As we have previously reported, there has been an uptick of new employment decisions finding in favor of registered medical marijuana users. In keeping with these decisions, an administrative law judge (“ALJ”) at New York City’s Office of Administrative Trials & Hearings (“OATH”) also issued a report and recommendation, subsequently adopted by the relevant City commissioner, to dismiss a petition against a taxi driver that would have stripped him of his driver license because of his lawful medical marijuana use.
In Taxi & Limousine Comm’n v. W.R., OATH Index. No. 2503/17 (July 14, 2017), adopted, Comm’r Dec. (July 25, 2017), the Taxi & Limousine Commission (“TLC”) filed a petition seeking the revocation of the respondent taxi driver’s TLC Driver License because the driver tested positive for marijuana. OATH disagreed and recommended that the petition be dismissed, finding that revocation solely because of the driver’s status as a certified medical marijuana patient would violate New York City and State laws. The TLC adopted the OATH decision.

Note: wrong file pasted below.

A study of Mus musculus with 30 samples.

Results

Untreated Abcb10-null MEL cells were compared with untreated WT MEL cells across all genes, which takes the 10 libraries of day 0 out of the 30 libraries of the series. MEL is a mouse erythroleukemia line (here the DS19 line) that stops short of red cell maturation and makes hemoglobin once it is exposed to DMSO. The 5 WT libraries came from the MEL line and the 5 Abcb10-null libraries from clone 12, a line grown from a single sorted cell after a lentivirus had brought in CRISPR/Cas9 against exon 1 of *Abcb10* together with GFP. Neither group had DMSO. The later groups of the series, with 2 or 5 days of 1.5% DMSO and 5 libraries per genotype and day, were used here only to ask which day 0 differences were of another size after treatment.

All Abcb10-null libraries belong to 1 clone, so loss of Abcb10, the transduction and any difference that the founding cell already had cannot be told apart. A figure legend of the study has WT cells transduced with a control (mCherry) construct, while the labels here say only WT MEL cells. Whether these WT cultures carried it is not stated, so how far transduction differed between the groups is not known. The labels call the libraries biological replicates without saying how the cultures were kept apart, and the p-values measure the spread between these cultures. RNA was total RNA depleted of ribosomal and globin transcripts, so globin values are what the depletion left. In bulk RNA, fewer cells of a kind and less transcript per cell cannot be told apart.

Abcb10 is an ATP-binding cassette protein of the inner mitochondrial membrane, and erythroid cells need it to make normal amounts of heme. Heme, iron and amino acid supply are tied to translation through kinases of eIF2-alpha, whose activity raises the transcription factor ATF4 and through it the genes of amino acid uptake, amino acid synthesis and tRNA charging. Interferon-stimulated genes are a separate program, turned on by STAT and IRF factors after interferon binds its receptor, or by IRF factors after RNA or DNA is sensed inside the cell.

The rationale was simply stated. Under the New York Compassionate Care Act, certified patients may not be subject to penalty or denied any right or privilege solely for the certified use of medical marijuana. Because the patient certification is analogous to a prescription, the certified use of marijuana could not constitute an illegal drug use that would serve as the basis to revoke a license. Further, certified patients are deemed to have a disability under the New York State Human Rights Law. Because the New York State Human Rights Law prohibits discrimination on the basis of disability, as does the New York City Human Rights Law, the driver had additional protections against revocation of his license.
This case serves as another illustration of the intersection of medical marijuana use and disability, and the potential pitfalls for those companies that maintain zero-tolerance drug policies.
New York City employers should be particularly cautious in the use of drug tests and the enforcement of their drug policies. While this decision involves a licensee rather than an employee, the reasoning employed by the ALJ could be equally applied to the employment context. Additionally, OATH—as an independent administrative tribunal within the City—hears cases brought by any City agency, board, or commission, including the New York City Commission on Human Rights (“CCHR”). In a case brought by the CCHR, OATH issues a report and recommendation to the City Human Rights Commissioner. While the Commissioner has discretion to adopt, modify, or reject the report and recommendation, if such rationale were applied in an employment case, there is little doubt that this rationale would be followed by the Commissioner in employment discrimination cases.